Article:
As the industrial revolution and the coming of the railways transformed the Wiltshire countryside Swindon women were on the front line of change, shaping the new industrial town and transforming the old market one. Incomers arrived from the great railway centres across the country to create a welcoming, tolerant and creative community with women's contribution at its heart. Following the incorporation of Old and New Swindon in 1900 innovative women stepped up to the plate; women like Swindon born suffragette Edith New who challenged political conventions and Emma Noble, Swindon's first female councillor, who campaigned to improve living conditions in the town. During two world wars Swindon women worked in the railway factory in jobs once considered beyond their strength and endurance.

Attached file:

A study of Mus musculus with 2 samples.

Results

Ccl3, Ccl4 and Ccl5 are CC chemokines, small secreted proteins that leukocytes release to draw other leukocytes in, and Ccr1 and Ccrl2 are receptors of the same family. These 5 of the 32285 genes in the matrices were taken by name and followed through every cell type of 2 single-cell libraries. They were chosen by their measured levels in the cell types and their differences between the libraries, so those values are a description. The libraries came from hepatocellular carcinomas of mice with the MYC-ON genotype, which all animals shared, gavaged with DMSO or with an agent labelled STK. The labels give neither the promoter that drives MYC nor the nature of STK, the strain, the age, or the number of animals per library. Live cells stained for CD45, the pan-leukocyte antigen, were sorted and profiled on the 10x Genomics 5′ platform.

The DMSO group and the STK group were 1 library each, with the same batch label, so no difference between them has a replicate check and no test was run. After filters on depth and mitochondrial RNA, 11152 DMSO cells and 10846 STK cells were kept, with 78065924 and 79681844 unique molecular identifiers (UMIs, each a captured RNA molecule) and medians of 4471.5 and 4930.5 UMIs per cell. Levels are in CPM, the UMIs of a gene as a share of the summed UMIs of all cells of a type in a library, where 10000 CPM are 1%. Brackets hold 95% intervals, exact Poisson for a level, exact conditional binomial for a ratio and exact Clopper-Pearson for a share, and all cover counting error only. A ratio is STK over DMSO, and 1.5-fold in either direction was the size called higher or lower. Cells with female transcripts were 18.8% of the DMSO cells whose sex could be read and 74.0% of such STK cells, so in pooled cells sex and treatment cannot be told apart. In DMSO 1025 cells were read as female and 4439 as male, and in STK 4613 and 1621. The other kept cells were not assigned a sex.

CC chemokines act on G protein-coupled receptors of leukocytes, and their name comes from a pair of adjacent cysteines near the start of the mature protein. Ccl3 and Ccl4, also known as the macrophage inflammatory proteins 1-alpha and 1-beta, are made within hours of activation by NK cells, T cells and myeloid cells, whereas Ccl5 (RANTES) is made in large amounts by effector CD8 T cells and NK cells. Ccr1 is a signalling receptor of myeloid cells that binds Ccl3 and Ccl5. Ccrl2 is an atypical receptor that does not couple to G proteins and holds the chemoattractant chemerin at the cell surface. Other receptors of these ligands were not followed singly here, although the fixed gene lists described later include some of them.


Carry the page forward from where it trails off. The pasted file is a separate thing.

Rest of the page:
Women supported the war effort on the home front, volunteering in what little spare time they had. Women such as teachers Mary Slade and Kate Handley who during the First World War headed the Prisoners of War Committee, which sent food parcels to soldiers from the Wiltshire Regiment held in German prisoner of war camps.
Mary Slade was awarded the MBE in 1920 but her work didn't end there.
Mary Slade and her team continued to support the bereaved families beyond the armistice and through to the end of the Second World War. The story of Swindon women includes artists and actresses, political activists and social reformers and the ordinary women who worked in the factories, raised their children and made a difference.